Recording made on 8th September 2012 with a Sony PCM-M10 on a Hama mini-tripod, using the built-in microphones covered with a Rycote Mini Windjammer. I have used a graphic EQ profile in WavePad to compensate for the slight muffling of the sound caused by the Windjammer.
The beautiful and very rugged Rocky Valley, near Tintagel, Cornwall, opens narrowly to the sea, where the stream has cut a miniature gorge in the rock and pours over various sharp rocky edges in little cascades, then meeting the sea, which, at the time of this recording, fills the bottom stretch of this mini-gorge. Indeed, the sea is already greatly narrowed into a little inlet here, so there is potential for high jinks here when a storm is blowing and large Atlantic swell is crashing in! However, on this occasion the swell is extremely small, and so I was able to bring the recorder to the edge of the mini-gorge to get a relatively close-up take of the meeting of the stream and the constantly restless sea.
I took two half-hour-plus recordings here. For this one I sought to shelter the recorder from a gentle breeze by placing it in an angular recess in the rock platform. I was also interested to see what perhaps interesting acoustic effect this placement would have. The recorder is above the sea in the bottom end of the mini-gorge, pointing obliquely upstream. It is somewhat shielded from the strong continuous 'white noise' of the stream by a slight bend of the mini-gorge, so you can hear the sea above the stream noise.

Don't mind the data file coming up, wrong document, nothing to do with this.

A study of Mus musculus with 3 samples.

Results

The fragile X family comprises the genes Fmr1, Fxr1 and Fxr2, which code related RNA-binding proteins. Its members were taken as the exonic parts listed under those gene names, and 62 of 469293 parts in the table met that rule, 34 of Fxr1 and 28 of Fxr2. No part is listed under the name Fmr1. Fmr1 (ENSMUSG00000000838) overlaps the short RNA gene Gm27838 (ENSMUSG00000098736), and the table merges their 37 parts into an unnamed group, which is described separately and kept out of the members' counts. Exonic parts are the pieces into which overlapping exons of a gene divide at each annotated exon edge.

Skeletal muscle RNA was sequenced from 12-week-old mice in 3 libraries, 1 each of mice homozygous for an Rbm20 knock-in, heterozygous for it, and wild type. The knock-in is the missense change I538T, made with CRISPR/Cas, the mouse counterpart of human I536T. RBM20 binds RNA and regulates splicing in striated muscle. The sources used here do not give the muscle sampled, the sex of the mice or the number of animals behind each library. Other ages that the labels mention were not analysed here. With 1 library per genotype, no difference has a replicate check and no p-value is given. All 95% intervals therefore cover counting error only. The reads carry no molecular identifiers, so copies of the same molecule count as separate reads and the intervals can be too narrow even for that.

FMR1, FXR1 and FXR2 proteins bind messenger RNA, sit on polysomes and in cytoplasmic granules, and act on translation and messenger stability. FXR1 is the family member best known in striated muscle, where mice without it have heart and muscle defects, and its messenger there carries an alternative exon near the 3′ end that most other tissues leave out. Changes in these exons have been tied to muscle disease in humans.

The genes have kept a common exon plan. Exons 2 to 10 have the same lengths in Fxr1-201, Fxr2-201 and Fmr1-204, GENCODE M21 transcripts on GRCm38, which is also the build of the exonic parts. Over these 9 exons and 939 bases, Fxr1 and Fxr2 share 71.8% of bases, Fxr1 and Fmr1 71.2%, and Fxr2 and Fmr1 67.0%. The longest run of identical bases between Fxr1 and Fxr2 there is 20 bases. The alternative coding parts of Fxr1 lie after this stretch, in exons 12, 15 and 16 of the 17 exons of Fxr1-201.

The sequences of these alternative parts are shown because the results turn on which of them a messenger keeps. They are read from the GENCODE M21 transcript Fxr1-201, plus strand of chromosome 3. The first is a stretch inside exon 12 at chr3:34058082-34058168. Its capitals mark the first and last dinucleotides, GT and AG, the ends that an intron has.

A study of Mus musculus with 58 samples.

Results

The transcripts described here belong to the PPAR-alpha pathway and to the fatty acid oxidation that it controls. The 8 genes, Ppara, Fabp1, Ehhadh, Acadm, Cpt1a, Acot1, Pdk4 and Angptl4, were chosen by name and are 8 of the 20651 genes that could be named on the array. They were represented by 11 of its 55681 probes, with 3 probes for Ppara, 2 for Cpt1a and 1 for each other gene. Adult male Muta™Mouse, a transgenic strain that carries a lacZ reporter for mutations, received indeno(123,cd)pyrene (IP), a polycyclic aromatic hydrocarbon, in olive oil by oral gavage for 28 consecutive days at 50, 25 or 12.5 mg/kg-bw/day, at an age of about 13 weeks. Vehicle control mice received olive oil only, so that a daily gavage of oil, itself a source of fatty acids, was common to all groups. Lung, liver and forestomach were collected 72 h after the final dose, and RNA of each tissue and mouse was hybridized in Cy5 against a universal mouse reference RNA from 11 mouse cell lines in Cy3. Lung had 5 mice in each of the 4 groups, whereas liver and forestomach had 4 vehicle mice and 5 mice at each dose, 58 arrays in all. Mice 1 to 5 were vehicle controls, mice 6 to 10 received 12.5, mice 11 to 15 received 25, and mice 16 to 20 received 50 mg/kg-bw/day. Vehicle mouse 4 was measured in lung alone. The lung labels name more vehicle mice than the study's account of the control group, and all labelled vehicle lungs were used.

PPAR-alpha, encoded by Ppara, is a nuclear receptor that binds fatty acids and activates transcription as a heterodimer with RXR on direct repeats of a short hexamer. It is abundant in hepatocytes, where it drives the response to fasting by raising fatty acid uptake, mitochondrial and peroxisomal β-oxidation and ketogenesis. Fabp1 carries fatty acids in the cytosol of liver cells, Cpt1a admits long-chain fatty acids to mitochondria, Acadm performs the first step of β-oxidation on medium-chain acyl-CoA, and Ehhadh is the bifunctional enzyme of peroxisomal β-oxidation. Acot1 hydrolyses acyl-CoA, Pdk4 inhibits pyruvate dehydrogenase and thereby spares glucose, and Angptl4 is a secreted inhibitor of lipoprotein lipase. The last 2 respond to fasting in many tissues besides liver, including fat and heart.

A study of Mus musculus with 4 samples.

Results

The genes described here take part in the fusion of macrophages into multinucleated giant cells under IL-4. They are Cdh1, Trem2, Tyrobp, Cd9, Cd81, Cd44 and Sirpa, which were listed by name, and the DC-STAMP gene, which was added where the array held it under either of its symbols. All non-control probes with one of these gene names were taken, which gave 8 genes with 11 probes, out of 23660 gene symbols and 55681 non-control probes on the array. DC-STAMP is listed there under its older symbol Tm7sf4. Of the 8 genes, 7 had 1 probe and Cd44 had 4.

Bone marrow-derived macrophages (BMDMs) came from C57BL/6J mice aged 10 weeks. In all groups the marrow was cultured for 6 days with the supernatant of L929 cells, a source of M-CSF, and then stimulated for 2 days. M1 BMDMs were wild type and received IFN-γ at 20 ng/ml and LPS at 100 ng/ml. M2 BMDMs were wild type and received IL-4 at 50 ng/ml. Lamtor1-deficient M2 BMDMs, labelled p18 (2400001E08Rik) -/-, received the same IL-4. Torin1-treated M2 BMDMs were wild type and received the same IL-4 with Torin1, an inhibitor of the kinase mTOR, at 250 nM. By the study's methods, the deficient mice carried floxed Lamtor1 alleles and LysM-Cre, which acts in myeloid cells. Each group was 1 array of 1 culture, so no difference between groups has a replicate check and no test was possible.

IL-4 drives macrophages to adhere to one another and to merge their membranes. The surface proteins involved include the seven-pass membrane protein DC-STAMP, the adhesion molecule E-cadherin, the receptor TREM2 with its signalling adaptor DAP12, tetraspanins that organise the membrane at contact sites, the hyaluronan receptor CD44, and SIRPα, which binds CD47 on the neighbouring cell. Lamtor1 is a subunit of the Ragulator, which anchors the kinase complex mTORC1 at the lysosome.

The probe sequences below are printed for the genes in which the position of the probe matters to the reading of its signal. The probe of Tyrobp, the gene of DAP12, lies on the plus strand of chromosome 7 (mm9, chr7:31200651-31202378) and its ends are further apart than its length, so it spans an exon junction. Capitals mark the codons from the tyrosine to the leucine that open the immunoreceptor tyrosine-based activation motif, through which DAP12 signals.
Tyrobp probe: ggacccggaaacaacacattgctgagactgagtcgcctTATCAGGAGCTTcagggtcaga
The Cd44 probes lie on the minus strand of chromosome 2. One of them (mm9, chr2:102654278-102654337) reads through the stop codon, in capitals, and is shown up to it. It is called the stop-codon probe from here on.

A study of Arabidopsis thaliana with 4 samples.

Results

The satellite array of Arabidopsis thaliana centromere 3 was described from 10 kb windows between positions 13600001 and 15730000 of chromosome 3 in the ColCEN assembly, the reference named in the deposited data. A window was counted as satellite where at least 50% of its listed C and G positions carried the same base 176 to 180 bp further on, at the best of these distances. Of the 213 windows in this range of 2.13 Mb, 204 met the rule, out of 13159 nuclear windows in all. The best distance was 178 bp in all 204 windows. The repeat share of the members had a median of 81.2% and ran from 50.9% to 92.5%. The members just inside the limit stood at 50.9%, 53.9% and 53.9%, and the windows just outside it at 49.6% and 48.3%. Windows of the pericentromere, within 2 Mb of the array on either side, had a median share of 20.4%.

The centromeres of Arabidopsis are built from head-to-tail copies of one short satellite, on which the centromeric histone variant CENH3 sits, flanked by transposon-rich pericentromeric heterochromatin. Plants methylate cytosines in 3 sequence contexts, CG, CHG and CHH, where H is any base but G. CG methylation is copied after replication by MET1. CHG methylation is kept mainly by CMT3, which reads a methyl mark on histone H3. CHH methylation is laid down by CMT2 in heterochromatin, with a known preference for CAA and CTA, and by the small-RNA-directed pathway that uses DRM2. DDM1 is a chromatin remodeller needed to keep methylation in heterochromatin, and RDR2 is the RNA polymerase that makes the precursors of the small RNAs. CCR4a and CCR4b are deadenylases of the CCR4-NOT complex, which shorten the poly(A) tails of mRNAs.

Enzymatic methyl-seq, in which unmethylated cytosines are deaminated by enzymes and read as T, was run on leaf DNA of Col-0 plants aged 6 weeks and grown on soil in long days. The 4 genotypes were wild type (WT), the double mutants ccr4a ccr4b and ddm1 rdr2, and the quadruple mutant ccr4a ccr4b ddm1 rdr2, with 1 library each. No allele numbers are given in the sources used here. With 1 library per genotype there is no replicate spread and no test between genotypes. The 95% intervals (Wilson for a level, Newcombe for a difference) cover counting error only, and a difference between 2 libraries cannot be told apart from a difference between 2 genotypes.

This upstream view is from very close to where the recorder was placed.
The acoustic effect is, unsurprisingly, not such an expansive sound-field as compared with the other recording (though it still sounds great), and there is a low-frequency resonance that gives a frequent gentle low 'whump', a bit like wind noise but synchronized with the wave movements, so it couldn't be the general breeze but would be very slight air pressure waves from the sea waves, concentrated in the little rock recess where the recorder was placed. This recording actually didn't sound very nice on my computer speakers because their boominess picked up that resonance of the little rocky recess and caused a rather overwhelming boominess of the sound. On the other hand, on my genuine hi-fi system, with reasonably flat frequency response, it sounds really beautiful and not really what I would call 'boomy' at all, though there is definitely a certain coloration to the sound.
...Later note, January 2013:
I finally withdrew and discarded the other recording, because the interesting details in its sound are all too lost in the general hiss from the stream tumbling between the crags. I thus regard this recording as being the definitive one that I would keep.
Please note that the volume level of this recording has been carefully adjusted for listening purposes, and ALL my recordings so far are meant to be listened to with a volume setting that would give a realistic level for playback of CLASSICAL music (a large but not exceptional symphony orchestra). If you have the right volume setting, you should not need to change that setting from one recording of mine to another.